As I have said before, most of the shroffs do not like to sake deposits even at 3 per cent.
For about 7 months the rate is generally below poor credit score loans Kentucky 6 annas per cent, and for 5 months below 4 annas per cent.
The shroffs do not feel that if the business is secure and good they cannot meet the demands for accommodation. Of course they decline to do business with the village money lender or the agriculturist since the passing of the Land Alienation Act owing to the unacceptable nature of poor credit score loans Kentucky the security. The banking business of this place is either with the important places in the Native States or with Bombay and Calcutta and to a small extent with Karachi. Money does not come at any time of the year from Calcutta or Bombay for employment in Ajmer-Merwara, hut during the months of December to March money does flow from the branches of indigenous shroffs in Native States to Calcutta and Bombay for more profitable employment there, and in the month of April it returns back to the Native States when it is no longer required there. The three leading indigenous bankers of this place have got very little investments in Ajmer-Merwara.
Their main business is in the Native States or in Calcutta or Bombay. Money does flow from one branch to another of these indigenous shroffs on a difference of 2 annas per cent. Their hundi rate varies generally between 4 - annas per cent, in the riionths of June, July and August and September and about 6 annas per cent, in the busy season. The rates in the money market of Calcutta and Bombay do not lead to a change in the rates here. So far as the rates of interest on loans are concerned, the rates charged to various parties by each indigenous shroff poor credit score loans Kentucky are more or less permanent. They do not change with the changes in the rates of interest in Calcutta or Bombay money market -or even with the varying rates in the seasons, but if there be a difference of 2 annas per cent, in Kundi business in the various centres, money would flow from one place to another. Summary of an interview with bullion dealers and indigenous bankers of Ajmer.
The statements contained in the subsequent paragraphs were made- by the following bullion dealers and indigenous Bankers:— 1. Gold and silver is imported into this city entirely from Bombay. Very little of the gold imported here goes into the neighbouring Indian States. Gold is also imported directly from Bombay into Beawar, Nasirabad and Kekri.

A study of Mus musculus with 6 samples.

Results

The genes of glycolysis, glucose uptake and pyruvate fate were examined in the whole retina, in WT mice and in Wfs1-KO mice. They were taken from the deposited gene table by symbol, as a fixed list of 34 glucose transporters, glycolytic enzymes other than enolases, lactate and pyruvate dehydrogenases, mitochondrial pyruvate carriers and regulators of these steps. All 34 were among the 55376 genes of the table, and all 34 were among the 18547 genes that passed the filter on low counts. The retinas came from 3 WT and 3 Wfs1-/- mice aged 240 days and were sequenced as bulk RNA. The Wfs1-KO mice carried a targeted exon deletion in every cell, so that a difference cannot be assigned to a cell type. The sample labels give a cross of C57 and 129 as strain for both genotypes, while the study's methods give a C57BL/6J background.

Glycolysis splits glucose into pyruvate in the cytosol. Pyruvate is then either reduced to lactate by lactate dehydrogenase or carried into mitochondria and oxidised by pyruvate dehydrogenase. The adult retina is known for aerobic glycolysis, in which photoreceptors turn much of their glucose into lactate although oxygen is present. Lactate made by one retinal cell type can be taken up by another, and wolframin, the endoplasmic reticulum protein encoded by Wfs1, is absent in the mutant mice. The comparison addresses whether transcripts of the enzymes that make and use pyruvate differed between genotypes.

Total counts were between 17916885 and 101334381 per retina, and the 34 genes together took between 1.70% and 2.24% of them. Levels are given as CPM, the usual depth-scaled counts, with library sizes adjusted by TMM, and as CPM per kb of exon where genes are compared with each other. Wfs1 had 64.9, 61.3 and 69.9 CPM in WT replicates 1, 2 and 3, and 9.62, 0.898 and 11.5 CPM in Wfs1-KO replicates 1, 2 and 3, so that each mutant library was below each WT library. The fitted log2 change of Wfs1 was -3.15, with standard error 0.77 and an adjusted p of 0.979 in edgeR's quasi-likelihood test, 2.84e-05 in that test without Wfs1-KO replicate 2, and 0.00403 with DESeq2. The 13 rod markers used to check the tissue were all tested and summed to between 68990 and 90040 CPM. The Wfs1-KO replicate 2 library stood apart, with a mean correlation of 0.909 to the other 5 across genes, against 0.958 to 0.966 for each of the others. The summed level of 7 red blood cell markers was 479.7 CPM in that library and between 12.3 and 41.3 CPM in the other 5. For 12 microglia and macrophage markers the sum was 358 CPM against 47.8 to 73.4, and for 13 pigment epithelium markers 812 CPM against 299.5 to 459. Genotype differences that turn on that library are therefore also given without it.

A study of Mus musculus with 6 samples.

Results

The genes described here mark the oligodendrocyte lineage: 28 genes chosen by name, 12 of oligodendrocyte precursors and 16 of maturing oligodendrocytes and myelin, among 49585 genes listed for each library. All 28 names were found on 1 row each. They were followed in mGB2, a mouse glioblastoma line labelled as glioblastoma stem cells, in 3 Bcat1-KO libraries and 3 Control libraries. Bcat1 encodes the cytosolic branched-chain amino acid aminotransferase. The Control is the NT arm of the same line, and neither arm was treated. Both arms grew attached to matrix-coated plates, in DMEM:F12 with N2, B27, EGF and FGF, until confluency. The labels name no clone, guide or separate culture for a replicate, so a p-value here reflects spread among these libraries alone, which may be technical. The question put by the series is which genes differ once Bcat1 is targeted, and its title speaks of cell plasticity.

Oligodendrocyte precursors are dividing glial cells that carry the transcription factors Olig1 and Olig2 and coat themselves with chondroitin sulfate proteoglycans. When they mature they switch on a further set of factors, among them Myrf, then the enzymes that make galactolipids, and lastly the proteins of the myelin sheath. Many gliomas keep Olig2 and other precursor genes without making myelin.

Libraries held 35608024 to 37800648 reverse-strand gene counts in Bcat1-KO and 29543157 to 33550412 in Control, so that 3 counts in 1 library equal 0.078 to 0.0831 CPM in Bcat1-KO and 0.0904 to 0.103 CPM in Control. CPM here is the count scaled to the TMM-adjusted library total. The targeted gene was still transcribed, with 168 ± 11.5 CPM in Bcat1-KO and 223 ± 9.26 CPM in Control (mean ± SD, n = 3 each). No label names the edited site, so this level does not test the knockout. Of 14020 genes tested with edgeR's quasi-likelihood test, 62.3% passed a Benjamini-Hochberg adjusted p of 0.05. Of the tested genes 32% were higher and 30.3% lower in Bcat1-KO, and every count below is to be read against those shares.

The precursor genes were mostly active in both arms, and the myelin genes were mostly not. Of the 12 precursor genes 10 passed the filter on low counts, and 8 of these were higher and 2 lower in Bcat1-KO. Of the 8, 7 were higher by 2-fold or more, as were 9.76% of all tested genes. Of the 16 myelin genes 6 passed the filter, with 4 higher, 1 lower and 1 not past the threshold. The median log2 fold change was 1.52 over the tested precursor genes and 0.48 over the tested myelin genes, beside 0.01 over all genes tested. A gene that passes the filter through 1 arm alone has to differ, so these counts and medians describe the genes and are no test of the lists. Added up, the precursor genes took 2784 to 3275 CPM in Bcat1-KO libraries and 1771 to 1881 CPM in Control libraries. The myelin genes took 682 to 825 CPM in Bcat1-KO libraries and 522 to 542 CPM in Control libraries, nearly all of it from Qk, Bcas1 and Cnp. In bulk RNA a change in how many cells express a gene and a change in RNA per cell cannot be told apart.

A few persons of the surrounding area do buy gold in retail from us also but no wholesale dealer of these places gets his gold from us. Last year gold imports into Ajmer amounted to 10,000 tolas and silver 18 lakhs of tolas.
We deal in both wholesale and poor credit score loans Kentucky retail trade in silver and gold. About 10 annas of this is consumed in the city and the remaining 6 annas by the villagers. The imports into Ajmer are greater than into Beawar and Kekri, Ajmer being a larger city. There are 60 shops in Ajmer of gold and silver dealers. Last year in addition to- the imports from Bombay about 500 tolas of gold per month on an averago were sold out of the accumulations of people in previous years.
In the best years, like 1920, the gold imports may rise to three times the gold imported last year in Ajmer.
In 1920 and 1921 people indulged in speculation and in some months the sale of gold went up to even 10,000 tolas. In our opinion an ordinary cultivator working on his poor credit score loans Kentucky own iand has got in the shape of ornaments on the person of his wife about 20 tolas of gold, and 5 to 10 tolas in the shape of ornaments on the person of his children.
There is no distinction in this respect between an ordinary cultivator working on his own land and the ordinary tenant cultivator or even an agricultural labourer. The wife and children of a small shopkeeper in a village have about ll times as much gold on their persons. The families of the labourer class in the cities, e. Generally the town labourer is in a better economic position than a village cultivator.
These various classes of people buy gold not as a form of investment but as a form of necessary expenditure according to their social customs. In our opinion money locked up in ornaments is not intended as an investment of the savings of the people. In fact people practise great economy in order to have a few ornaments as part of the necessary expenditure in social life. Thirdly, when we have got a current account with the Imperial Bank, if we fail to send an immediate reply to their balance verification letter, which some of us do not sometimes understand, our accounts arc transferred to Bombay with the result that when we go to ask for money we are told that the account has been transferred to Bombay and money will be paid only when it is re-transferred. Fourthly, the general behaviour of the bank officials, and their planner of dealing with the clients are like those of high officials, involving waiting and loss of respect. There arc no decent waiting rooms and no chairs even for respectable persons who have to wait pretty long in order to complete their transactions. Sometimes by the time the bank peon informs us that the need money now Ohio railway receipt has come and we reach the office, we are told that the time is up, while in dealing with an indigenous banker we can get the railway receipt as soonl as we go to him. We consider that the poor credit score loans Kentucky extension of the Imperial Bank has done great harm not only to the indigenous bankers but also to the public and the merchants here.
Before the opening of the branch of the Imperial Bank in Ajmer money used to flow from the various centres in Rajputana, Jodhpur, Jaipur, with the slightest difference in the hundi rate on Bombay from these various centres.